What Comes First? self-Driving Shuttle Buses Or Self-Driving Cars?
The arrival of every technology comes with loads of misconceptions, of which a majority of those are baseless. Innovations are first overseen from the negative perspective until and unless it doesn’t show the real effects and benefits.
It was the same case when there was an initiative carried out for the autonomous subway and monorails. These modes of transportation might be taken for granted nowadays. However, at the launching period, it had to face various questions associated with safety. One of the queries was: Can the driverless subway trains commute the passenger with the same efficiency and reliability?
However, curiosity related to safety has been cleared, but now right ahead is another mode of public transport evolving based on autonomous technology. A shuttle bus, which seems to be a baby step in the whole autonomous technology world, but now a question arises what will we see first; a self-driving shuttle bus or a car?
Navya, a French autonomous vehicle manufacturer, declared its plans to develop an autonomous bus, Arma in the U.S. at Michigan. The plant is projected to manufacture 150 autonomous buses by 2018. The Arma has a seating capacity of the 15-passengers, powered by the battery, and can achieve a top speed of 28 MpH. The bus is integrated with various smart sensors that scan and create a 3-D map of the nearby surrounding. The Arma bus is also equipped with a technology that can identify the traffic signs and pedestrian technology.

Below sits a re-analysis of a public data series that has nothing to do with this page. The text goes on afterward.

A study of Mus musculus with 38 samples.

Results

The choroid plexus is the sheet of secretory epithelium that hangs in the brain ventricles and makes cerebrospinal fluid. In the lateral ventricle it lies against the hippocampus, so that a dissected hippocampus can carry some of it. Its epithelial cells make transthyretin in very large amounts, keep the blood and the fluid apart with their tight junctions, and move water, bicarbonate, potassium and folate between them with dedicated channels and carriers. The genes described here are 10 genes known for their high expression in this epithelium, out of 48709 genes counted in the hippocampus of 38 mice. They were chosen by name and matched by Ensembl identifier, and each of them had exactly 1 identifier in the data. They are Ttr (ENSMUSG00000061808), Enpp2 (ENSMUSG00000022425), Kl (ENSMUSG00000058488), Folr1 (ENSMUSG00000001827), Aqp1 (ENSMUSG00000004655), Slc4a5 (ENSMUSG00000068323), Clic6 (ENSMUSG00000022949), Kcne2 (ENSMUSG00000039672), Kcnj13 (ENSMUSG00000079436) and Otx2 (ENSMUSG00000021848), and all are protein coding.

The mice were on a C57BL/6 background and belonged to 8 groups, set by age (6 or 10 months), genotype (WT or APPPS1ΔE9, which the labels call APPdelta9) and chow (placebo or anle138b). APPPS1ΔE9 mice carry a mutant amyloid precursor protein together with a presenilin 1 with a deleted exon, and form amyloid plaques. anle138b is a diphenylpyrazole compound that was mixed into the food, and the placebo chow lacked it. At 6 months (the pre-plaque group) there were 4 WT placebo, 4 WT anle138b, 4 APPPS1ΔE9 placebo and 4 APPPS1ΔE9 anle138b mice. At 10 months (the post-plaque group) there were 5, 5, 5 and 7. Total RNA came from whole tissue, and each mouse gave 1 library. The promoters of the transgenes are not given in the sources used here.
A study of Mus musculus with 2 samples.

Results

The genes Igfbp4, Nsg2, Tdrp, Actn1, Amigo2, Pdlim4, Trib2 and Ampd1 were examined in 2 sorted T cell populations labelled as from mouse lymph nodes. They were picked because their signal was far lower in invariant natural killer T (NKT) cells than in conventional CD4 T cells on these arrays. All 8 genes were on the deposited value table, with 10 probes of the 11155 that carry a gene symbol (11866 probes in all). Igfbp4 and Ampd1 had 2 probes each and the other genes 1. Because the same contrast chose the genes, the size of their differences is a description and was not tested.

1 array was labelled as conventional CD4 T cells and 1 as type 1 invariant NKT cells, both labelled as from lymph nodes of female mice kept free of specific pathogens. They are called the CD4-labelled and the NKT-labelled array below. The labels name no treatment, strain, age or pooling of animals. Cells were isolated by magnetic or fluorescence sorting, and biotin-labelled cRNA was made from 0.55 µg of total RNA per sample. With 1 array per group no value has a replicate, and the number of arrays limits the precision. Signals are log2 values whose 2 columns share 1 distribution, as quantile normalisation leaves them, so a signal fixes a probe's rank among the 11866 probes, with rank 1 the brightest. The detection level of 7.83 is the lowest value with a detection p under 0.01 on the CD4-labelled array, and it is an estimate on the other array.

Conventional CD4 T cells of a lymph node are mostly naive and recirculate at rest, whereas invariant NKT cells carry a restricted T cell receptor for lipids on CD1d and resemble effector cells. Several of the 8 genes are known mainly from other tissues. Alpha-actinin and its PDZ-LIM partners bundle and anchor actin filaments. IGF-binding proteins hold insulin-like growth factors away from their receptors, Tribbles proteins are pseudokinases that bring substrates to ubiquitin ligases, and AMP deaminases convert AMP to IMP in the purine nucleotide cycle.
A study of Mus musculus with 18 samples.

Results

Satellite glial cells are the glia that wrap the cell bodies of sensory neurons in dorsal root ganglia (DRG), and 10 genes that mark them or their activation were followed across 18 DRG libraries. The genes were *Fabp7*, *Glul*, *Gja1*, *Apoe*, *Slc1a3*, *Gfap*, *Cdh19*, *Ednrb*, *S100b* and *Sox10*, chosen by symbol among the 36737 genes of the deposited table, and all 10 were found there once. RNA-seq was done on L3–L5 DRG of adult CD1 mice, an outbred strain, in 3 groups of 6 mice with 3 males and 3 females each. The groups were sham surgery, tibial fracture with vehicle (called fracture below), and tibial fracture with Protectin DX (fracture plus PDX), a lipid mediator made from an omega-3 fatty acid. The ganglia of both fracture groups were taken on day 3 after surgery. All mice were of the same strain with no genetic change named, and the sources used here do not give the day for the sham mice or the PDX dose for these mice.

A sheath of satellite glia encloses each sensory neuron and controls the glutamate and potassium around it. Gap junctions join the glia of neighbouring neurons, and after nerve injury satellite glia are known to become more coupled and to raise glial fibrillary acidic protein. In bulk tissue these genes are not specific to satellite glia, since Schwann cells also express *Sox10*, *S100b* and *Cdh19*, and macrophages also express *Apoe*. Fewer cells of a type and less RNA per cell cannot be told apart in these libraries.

The bus is specifically designed for the areas that are too congested for large size buses. The university campuses and other such locations that are utilized for a sole purpose can be a perfect location for such shuttle buses. At the present stage, the Arma Shuttle is testing its efficiency at the University of Michigan, which has an inbuilt autonomous car city known as Mcity. This city is constructed with controlled traffic environment specifically for autonomous vehicle testing.
The company has been testing the Arma bus at multiple locations in France, particularly in Paris, which has great pedestrian spaces. The bus is also testing its capabilities at the U.K.’s Heathrow airport, which is the perfect location to test such self-driving shuttles. The routes at the airport are fixed and predefined, which makes them ideal for the initial introduction of autonomous buses. A majority of the airport facilities and institution operate their own road system and these routes give autonomous vehicle developers a real-world environment that has well-controlled surrounding and low-speed tracks.